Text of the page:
5 Mapping Strategies for Employer Outreach

Aside from language, literacy, and cultural adjustment issues, transportation is one of the most significant barriers to employment that our clients face. While not always possible, finding employment that is easily accessible by foot, bike, or public transportation is ideal. Here are a few mapping strategies that you can use to help your clients overcome this employment barrier:

1. Explore the area immediately surrounding your client’s home. Type your client’s address into Google Maps and zoom in and out to look for grocery stores, restaurants, gas stations, factories, etc. that would be easily accessible for clients. After familiarizing yourself with a neighborhood through Google maps, it’s a good idea to visit the neighborhood, since there are things you will notice in person that you wouldn’t see just by looking at a map on a computer screen.

2. Use a map of your city’s public transportation system to inform your employer outreach efforts. Start by looking at a paper map or maps that may be available on your city’s public transportation website. Then go to Google Maps, and find transportation lines near where your clients live and follow them to see what businesses are along these routes. Another fun thing to do is to drive public transportation routes as you are doing employer outreach. Sometimes you will see businesses that may not be listed on Google Maps.

A sample of results for Google Maps search: “manufacturing near Chicago”

3. Search for target industries or major employers in the neighborhood, city or region where your clients live. For example you could search for “manufacturing near Pittsburgh, PA” or “Hotels in New Orleans.” Research the largest employers are in your area to see how accessible these employers are for your clients.The “What’s Hot” section of the Department of Labor’s CareerOneStop.org is a great place to start for obtaining labor market information for your area.

4. Start with areas of the city your clients are already familiar with. Take a look at a map with your client or just have a conversation to find out which areas of the city they travel to on a regular basis. If a job opportunity were to open up in an area they are already familiar with and comfortable traveling to, chances are they will be positive about that job and will be likely to be successful there.

5. Use maps to advocate for your clients. Maps can come in handy as visuals in conversations with employers or with your R&P (Reception and Placement) department. With employers, you can use maps to prove that transportation will not be a problem, pointing out the exact transportation lines that your clients will use, and that the transportation schedule will coordinate with the work schedule. With your R&P colleagues, you can use maps to show which neighborhoods are best situated for easy access to employment opportunities. Employment departments and R&P departments may want to consider doing strategy 1 (above) together as a strategy for increasing collaboration on housing and employment.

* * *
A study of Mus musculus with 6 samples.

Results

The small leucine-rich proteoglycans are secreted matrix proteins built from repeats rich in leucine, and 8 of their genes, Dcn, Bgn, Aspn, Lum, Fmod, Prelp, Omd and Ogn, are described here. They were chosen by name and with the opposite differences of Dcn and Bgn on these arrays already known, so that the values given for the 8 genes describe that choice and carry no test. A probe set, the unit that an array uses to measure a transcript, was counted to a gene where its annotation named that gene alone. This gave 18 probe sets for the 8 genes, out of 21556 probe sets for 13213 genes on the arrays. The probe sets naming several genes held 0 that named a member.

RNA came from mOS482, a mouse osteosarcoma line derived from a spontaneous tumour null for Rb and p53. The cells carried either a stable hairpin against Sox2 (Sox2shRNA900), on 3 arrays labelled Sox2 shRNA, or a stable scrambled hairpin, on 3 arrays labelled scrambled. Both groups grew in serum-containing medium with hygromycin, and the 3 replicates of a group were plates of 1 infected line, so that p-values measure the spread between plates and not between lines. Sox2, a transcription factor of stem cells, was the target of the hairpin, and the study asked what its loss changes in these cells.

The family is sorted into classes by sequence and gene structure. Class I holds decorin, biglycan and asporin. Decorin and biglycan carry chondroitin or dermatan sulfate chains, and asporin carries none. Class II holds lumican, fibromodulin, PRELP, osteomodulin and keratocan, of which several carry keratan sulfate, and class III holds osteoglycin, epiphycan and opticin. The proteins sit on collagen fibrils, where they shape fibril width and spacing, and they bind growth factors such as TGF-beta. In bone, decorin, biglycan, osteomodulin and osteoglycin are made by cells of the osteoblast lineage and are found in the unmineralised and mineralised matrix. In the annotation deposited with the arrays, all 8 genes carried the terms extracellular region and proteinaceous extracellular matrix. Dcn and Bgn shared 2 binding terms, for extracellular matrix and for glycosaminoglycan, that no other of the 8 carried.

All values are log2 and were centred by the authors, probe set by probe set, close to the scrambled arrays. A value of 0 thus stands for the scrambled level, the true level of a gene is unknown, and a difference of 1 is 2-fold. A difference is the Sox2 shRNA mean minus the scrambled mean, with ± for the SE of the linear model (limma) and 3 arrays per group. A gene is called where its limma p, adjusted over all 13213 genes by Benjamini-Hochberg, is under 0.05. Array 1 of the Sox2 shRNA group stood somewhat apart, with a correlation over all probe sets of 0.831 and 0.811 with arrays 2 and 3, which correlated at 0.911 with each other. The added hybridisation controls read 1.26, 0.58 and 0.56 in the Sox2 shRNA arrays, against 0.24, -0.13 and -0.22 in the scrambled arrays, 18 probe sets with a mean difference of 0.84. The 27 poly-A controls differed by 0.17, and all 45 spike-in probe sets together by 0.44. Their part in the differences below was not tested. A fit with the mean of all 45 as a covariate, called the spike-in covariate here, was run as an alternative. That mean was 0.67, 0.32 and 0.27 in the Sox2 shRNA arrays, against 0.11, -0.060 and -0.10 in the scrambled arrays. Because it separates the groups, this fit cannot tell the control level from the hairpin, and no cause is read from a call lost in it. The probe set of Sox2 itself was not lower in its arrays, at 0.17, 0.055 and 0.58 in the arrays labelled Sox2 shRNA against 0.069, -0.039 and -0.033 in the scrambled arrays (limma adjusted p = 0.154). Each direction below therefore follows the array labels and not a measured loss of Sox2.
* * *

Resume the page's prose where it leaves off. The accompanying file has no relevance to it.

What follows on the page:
One rule of thumb for public transportation: Try to keep commute times to an hour or less and avoid having clients take more than two modes of transportation (e.g. switching buses). When the commute is longer than an hour and clients have to take more than 2 modes of transportation, it is almost inevitable that they will struggle to make it to work on time or that they will end up quitting their jobs because the commute is just too overwhelming.

Hopefully, these tips will help you find jobs closer to home for your clients, as well as improve job satisfaction and retention. 


    Another outstanding resource is Reference USA, which is an online yellow pages / database encompassing some 28 million US businesses, agencies, and organizations. It is (or should be) available through public libraries, university libraries, and government agencies.

    Reference USA allows the user to slice and dice business data by area code, zip code, size of business, street addresses, sales volume, SIC / NAICS codes, and more. While walking around and using Google to find potential employers is a good thing to do, Reference USA can “do the walking” much faster and in more detail – for example, it typically gives the names of key contacts and decision makers who can then be contacted directly without the otherwise time-consuming “detective work.” It will also show lists of a business’s competitors, will show businesses located along streets or within area / zip codes, and much more.

    I have found this application to be a significant resource for finding potential employers (although it does not list open / advertised jobs – we still have to find those the old-fashioned way – but, if you are looking for jobs before they are advertised and become publicly known, Reference USA is the way to go).

    • Daniel Wilkinson says:

      Thanks for the excellent comment Chris. Reference USA is another fantastic resource which I’ve heard of others around the country using as well. It’s always a challenge to find the balance between “pounding the pavement” and finding ways to save time, since there is always more to do than we have time for! In my own experience, I’ve found that a combination of both is usually the way to go. Thanks again!